Help a small dog in need
Looking for love
Many small dogs end up in a rehoming shelter because of a change in circumstances at home – divorce, the birth of a new baby, owner’s death or a house move can all make owning a dog impossible, even a small dog. Reputable shelters usually have a wide range of dogs, including popular small dog breeds from puppyhood to middle age.
Will behaviour be an issue?
Not all small dogs who are looking to be rehomed have behaviour problems – the majority are friendly, sociable dogs who will quickly settle into a new home. Reputable rehoming charities thoroughly assess and rehabilitate the dogs in their care, and they are very careful to match rehoming applications with exactly the right dog.
Pros and cons of rehoming an adult dog
The main benefits of welcoming a fully-grown small dog into your home is that he is likely to have been socialised and house-trained, and he will probably be used to other animals and accepting of new faces. His health and physique will have been fully checked by a vet, and he will have developed his adult small dog personality. Most rehoming charities and rescue shelters will microchip, neuter and vaccinate every dog before rehoming, and some offer a period of free pet insurance, too. The downside of rehoming an adult small dog is that he may take longer to settle and adapt to your household than a puppy would, and he may already have what it appears to you as unwanted behaviour patterns. Gentle education and patience are the key. The shelter and your vet will provide essential advice for you to succeed in this journey.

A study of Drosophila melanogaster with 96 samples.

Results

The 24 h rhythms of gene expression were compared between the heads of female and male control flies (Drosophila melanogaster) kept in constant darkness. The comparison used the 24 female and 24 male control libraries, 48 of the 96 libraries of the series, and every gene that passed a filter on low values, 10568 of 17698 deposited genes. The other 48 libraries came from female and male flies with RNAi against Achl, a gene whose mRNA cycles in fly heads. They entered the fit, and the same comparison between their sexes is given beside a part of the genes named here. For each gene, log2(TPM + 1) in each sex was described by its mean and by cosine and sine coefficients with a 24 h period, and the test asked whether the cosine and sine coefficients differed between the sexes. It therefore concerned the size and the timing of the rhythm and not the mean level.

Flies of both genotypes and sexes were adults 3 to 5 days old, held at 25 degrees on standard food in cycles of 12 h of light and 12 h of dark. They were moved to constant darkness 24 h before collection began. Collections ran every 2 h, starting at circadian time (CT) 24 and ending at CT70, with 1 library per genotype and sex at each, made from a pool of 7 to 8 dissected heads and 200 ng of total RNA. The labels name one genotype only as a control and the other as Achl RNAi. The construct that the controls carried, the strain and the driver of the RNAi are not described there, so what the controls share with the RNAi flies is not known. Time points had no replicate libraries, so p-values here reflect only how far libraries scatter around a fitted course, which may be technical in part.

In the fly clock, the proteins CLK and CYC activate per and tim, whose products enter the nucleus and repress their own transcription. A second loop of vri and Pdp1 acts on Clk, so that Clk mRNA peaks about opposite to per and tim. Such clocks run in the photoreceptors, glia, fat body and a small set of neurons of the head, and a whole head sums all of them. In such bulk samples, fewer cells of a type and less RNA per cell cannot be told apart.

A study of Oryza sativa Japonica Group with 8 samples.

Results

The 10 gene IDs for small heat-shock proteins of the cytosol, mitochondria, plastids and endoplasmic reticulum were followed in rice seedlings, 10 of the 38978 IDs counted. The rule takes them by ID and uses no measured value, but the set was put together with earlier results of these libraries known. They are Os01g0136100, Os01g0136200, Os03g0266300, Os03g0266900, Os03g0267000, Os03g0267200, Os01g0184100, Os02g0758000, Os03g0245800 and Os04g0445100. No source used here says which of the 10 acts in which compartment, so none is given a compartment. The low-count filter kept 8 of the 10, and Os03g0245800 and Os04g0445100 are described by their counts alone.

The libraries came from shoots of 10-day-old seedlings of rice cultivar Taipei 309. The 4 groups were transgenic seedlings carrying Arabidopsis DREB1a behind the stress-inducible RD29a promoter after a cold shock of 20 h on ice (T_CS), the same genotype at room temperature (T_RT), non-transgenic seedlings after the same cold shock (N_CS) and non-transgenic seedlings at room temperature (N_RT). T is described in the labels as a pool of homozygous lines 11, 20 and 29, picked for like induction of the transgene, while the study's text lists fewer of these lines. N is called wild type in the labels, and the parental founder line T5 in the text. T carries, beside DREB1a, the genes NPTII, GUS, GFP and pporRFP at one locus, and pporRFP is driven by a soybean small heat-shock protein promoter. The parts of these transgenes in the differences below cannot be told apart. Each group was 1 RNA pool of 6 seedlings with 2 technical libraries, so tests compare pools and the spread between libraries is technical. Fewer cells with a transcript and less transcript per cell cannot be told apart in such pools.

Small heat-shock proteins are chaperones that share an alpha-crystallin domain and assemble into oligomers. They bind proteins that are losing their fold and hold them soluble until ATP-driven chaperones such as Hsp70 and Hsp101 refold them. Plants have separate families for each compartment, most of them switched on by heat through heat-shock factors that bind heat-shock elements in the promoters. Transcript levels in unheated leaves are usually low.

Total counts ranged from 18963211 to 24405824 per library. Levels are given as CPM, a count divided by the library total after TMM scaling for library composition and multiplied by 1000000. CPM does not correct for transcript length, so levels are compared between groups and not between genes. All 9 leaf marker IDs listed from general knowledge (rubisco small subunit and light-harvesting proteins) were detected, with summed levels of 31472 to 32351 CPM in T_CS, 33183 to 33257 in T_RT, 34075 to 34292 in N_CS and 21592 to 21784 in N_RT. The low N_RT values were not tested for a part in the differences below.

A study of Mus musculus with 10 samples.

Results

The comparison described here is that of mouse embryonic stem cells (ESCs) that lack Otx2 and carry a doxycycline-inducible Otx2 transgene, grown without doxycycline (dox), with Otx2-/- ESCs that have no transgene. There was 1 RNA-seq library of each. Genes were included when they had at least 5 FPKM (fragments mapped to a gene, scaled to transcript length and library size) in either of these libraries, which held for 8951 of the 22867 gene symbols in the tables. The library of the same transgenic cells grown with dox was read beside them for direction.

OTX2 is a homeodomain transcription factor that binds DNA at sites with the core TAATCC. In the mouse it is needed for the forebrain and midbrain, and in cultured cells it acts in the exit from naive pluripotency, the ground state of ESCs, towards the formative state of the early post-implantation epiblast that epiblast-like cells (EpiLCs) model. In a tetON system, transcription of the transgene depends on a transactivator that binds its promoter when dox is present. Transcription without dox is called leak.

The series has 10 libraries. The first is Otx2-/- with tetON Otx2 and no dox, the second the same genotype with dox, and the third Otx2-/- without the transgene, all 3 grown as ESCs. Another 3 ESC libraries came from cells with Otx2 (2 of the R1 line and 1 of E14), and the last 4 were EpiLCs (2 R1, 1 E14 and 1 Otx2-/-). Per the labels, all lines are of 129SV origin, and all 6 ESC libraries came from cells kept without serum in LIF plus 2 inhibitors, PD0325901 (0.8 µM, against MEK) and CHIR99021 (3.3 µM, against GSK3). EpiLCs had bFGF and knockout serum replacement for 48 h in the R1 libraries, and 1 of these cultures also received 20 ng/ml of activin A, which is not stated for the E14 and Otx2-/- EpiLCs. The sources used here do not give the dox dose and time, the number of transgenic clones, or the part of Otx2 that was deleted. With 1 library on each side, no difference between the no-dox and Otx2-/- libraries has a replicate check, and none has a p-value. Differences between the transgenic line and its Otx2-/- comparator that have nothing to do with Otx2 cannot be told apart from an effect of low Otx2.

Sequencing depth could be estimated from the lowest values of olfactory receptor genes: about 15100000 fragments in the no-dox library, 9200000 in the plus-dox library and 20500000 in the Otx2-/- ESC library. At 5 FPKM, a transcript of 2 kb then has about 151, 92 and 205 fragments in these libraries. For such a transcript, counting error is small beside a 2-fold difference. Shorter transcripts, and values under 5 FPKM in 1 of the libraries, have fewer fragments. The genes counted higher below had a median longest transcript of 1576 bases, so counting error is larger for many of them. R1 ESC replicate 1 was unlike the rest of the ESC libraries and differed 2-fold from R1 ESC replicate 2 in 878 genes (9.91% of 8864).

Find your nearest shelter or charity
" There are rehoming organisations that specialise in small dog breeds, so if you know which breed you want, it’s worth checking those first. Some rehoming charities allow you to visit and interact with their dogs on open days and evenings; others carry comprehensive online details of the dogs in their care."
Research the rehoming process
Most rehoming shelters will ask you to fill in an application form so that they can match you with the perfect small dog for you. It’s really important to be as honest as possible because a home visit is likely to follow after you’ve been matched with a potential small dog, and he has been reserved for you. In some cases, you may be encouraged to visit and interact with the small dog you want to adopt before the rehoming process is finalised. Most rehoming shelters and rescue charities charge an adoption fee – this money helps to provide food and shelter for all of the dogs in their care.
The first few weeks
Even the most confident small dog will need a little time to settle in. You’ll need to spend time establishing routines that suit both you and your new small dog, and you’re likely to need plenty of patience and understanding while you get to know each other. On the upside, small dogs that have been rehomed can quickly form a very intense bond with their new owners, so prepare to be bowled over with love and loyalty!"